How to make a difference – Healing our planet


But it can be overwhelming for a first timer to find and choose where to spend your time with the diversity and quantity of options available.  It is also difficult to find out the details of many projects so you are contributing to causes and organization with good reputations and good follow through.

Beach still-life
(Source: Pixabay)


No need to despair though, by narrowing down options the research becomes easier and there are several organizations that can help matching you with volunteer opportunities in your city or all over the world such as volunteermatch.org, networkforgood.org and idealist.org amongst others.

If you want to help with big scale projects looking to heal our planet and conserve it for future generations, there are a couple of projects to look at. Inspiring and massive in scale, they are the definition of quixotic tasks that can be done one step at a time.

A new park in Patagonia
Patagonia, Chile
Patagonia, Chile (Source: Pixabay)

The brainchild of conservationists Kris and Doug Tompkins, who worked for many years with the clothing company named after the amazing region which changed their lives, Patagonia. Moving south to Chile after retiring, they decided to buy the land and build Pumalin Park  as a Nature Sanctuary south of Corcovado National Park. Traveling further south, they witnessed the damages that overgrazing and over-development had done to the ecology of one of the most diverse and awe-inspiring landscapes in the world, pushing them to launch a program to protect and restore the ecosystems they both loved.

In 2000, Conservacion Patagonica was launched as a US-based non-profit with the mission of building new national parks in areas critically endangered of Patagonia. Their most ambitious project, still ongoing, is the creation of  the new Patagonia National Park in Chile, uniting several reserves which had remained isolated due to lack of funds and volunteers. The enormous undertaking included buying a failing 178,000 acre cattle ranch which had fenced off the best grasslands for grazing leaving the wildlife with next to nothing. The now almost complete park is a year away from opening but there are still many volunteer opportunities to put the finishing touches on the rebirth of one of the last wild places on earth.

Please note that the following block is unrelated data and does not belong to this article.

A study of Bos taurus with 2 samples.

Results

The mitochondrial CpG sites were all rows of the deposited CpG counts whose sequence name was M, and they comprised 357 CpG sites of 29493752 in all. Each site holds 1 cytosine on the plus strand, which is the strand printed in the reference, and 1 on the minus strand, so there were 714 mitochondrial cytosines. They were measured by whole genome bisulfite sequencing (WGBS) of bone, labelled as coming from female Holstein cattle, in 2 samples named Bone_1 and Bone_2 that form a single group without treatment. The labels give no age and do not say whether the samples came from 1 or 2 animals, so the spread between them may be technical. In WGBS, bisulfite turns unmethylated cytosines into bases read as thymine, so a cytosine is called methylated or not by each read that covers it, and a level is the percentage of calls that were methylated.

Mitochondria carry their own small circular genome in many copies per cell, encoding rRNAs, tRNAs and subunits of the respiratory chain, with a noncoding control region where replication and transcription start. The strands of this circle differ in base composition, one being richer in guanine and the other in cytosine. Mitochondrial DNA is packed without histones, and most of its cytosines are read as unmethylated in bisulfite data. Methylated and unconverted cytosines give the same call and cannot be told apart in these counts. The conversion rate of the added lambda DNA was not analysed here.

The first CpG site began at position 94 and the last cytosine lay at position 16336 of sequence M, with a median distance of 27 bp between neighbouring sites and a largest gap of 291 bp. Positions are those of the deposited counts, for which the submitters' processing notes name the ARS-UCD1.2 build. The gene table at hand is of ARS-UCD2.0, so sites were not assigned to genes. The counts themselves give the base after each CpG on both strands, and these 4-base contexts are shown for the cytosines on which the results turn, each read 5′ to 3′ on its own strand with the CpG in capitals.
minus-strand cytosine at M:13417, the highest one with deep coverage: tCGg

For volunteer opportunities with their organic garden or back-country rehabilitation visit their page: www.conservacionpagatonica.com/makeadifference

Cleaning our Oceans
Our Oceans
Our Oceans (Source: Pixabay)

Understanding the enormity of the problem caused by plastic pollution to our oceans can make the most scientifically inclined person’s mind spin. With about 8 million tons of plastic entering the ocean every year, the damage to the wildlife is unfathomable: at least 1 million seabirds and 100,000 marine mammals die each year due to plastic pollution. As plastic doesn’t disintegrate, the constant flow into the oceans accumulates to an estimated 5.25 trillion pieces today. All this plastic goes to accumulate where the currents converge: the gyres; a third of all these pieces are concentrated in the infamous Great Pacific Garbage Patch.

The visionary team at The Ocean Cleanup project has devised technology to help with the problem, enabling the ocean to clean itself by installing arrays of floating barriers attached to the seabed which will catch the plastic moving through the ocean currents. Once the plastic is collected it can be transported for recycling and reuse. This visionary team estimates that one array of 100 km can remove 42% of the Great Pacific Garbage Patch over a period of 10 years. But this effort doesn’t come cheap at about 4.53 Euros per kilo removed, and it requires not only financial support but volunteers on the technology, logistics and research areas.

It is no small task, but imagine our oceans without plastic, imagine reducing the amount of green turtles or blue whales that would die by ingesting or trapping themselves in this plastic traps. It can inspire the next generation to think harder about how what we use every day gets back to nature.

You can check The Ocean Cleanup volunteer opportunities in their page: http://www.theoceancleanup.com/?id=534

Maximize your impact
Impact your world
Impact your world (Source: Pixabay)

The work you do with organizations such as the ones highlighted here is very important and each hour you invest will make a difference in our world. But your impact through volunteering goes beyond the days or months you invest, your impact multiplies through activities before and after your volunteering activity.


Fundraising will help you finance the activity but also it is a fantastic way to raise awareness and involve others who want to participate but may not have the inclination or the time to do it directly. Supporting a cause financially gives other people the opportunity to get involved and creates an exponential effect to start a conversation around the issues that matter to you.

Share your Experience

Broadcast your experience; share the highlights through your personal social media and the organization you are working with. By sharing your photos and your thoughts you can encourage other people who want to feel the same connection and fulfillment.

Write about your Experience

Continue sharing your experience in your local community, schools, volunteer organizations. Education happens everywhere and we can all be teachers.